Ohio State Digital Flagship Announcement Provides Opportunity to Highlight Local Ed Tech Initiatives and Innovations

Announced this week is a new collaboration between OSU and Apple called the Digital Flagship University, which has 3 components:
  • a student-success initiative to integrate learning technology throughout the university experience
  • an iOS design laboratory on the Columbus campus serving faculty, staff, students and members of the broader community
  • university-wide opportunities for students to learn coding skills to enhance their career-readiness in the app economy.
Faculty and staff should know that our college has been involved in its own iPad initiative since autumn 2016. At that time, the Office of Teaching and Learning and Professional Program support saw iPads as a way to remedy technical issues associated with ExamSoft test administration, to maximize student use of educational technology, and to support instructor ability to implement different instructional approaches.

Our office views this announcement as an opportunity to further engage teaching faculty and staff around the pedagogical advantages of students having access to a common set of learning technologies.

In fact, some exciting work involving the iPad (as well as other devices and applications in our eLearning ecosystem) includes the following:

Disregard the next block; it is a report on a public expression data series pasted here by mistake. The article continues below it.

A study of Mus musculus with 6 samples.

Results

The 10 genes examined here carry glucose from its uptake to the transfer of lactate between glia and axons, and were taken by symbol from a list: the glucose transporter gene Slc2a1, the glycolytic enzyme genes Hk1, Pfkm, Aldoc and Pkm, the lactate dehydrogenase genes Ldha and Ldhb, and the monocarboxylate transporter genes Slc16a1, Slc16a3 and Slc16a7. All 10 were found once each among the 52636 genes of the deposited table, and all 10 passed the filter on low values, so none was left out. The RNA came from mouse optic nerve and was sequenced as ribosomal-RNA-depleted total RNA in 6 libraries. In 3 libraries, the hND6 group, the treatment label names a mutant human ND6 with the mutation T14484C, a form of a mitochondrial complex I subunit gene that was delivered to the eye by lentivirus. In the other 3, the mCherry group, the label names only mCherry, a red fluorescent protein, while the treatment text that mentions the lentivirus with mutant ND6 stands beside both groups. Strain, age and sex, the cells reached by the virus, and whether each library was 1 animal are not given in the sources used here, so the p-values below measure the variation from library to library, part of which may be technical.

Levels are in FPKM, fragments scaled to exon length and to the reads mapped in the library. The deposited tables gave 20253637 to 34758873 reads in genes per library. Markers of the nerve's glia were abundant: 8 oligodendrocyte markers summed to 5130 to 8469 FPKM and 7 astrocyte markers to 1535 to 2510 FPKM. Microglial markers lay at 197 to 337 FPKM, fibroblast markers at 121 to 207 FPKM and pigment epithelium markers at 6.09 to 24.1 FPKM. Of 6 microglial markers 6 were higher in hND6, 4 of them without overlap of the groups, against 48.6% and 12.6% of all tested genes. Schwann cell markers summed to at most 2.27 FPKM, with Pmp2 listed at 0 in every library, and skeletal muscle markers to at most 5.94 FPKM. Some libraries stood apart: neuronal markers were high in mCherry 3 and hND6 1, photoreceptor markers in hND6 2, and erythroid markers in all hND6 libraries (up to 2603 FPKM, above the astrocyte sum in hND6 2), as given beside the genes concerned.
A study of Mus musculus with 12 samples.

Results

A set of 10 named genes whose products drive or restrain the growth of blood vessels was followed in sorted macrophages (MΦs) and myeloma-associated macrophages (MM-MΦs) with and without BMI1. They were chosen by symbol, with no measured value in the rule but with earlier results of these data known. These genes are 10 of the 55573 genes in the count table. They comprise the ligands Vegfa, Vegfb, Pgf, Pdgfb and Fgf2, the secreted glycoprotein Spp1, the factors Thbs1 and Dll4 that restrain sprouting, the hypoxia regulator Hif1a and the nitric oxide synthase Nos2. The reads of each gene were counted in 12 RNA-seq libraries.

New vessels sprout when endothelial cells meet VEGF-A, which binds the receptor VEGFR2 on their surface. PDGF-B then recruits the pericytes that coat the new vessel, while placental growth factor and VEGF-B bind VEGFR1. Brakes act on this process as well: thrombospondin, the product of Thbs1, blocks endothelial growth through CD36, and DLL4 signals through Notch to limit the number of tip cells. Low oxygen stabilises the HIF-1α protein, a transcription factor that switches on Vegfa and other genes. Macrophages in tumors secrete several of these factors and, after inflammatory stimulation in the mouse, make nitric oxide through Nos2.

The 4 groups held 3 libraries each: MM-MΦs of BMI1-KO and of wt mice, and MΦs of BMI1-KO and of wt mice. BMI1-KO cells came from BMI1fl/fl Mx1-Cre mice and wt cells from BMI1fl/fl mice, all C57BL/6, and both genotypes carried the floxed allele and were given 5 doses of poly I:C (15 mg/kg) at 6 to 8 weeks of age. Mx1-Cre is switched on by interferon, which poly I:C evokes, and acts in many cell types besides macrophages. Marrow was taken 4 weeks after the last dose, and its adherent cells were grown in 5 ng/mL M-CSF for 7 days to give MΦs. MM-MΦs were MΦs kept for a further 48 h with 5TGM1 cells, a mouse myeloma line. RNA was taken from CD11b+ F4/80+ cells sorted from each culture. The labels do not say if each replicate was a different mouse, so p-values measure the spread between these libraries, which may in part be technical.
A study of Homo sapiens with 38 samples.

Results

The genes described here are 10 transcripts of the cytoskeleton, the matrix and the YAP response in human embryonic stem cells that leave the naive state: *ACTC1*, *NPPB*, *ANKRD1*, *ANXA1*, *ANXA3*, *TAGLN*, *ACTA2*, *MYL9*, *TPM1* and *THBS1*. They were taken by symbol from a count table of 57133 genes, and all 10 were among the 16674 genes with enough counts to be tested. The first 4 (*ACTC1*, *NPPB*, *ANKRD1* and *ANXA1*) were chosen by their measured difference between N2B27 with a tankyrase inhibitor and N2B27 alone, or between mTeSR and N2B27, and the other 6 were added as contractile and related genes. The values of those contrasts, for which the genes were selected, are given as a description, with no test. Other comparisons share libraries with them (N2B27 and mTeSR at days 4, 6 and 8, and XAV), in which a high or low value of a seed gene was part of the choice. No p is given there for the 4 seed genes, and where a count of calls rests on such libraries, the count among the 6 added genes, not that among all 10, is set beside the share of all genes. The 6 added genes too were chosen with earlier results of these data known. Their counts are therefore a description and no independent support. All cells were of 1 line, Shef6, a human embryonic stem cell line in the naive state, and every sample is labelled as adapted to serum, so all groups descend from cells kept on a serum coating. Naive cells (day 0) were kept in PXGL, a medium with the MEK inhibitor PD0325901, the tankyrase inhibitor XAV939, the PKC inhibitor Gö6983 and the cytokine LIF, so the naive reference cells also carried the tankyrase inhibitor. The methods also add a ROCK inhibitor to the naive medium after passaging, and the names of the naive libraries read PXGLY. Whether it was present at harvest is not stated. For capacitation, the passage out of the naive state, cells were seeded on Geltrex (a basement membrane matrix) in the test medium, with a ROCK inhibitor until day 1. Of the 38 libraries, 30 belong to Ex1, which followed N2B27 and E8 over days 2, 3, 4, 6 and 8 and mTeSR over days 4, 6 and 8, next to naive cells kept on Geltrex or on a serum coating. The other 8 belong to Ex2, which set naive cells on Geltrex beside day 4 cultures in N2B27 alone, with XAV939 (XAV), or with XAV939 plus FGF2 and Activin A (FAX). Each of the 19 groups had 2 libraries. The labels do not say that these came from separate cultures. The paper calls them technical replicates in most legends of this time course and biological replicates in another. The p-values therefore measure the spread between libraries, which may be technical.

• As part of the Stanton Clinical Skills Lab effort, a team led by Dr. Tatiana Motta has been making exciting progress on the development of various models, like the ear model below, that can be 3D-printed. Such models can also be used to develop Augmented/Virtual/Mixed Reality (A/V/MR) experiences, which Dr. Motta has also been exploring.

  • In some of his lectures, Dr. Austin Hinds provides his students with guided notes that they can fill in during class. Through the use of an Apple TV purchased by Teaching & Learning, Dr. Hinds is able to wirelessly project his iPad to screens in Wexner Auditorium. As a result, he is able to write and illustrate content in real-time. In this instance, he helped students with their guided notes. Being able to wirelessly project also allows him to move around the auditorium and engage with the students more effectively.

  • As mentioned in last week’s update, Drs. Jessica Hokamp and Maxey Wellman have introduced an activity into their cytology elective course during which students are asked to effectively use the microscope, identify areas and cells being viewed, and capture the area identified using the iPhone.

OTL provides training each year to students, and Jay Hsiao and Kate Midnight, our instructional designers and educational technologists, are interested in helping you to explore integrating learning technologies into your courses?

Do you have any ideas that you would like to implement? Feel free to contact us at CVMOTL@osu.edu!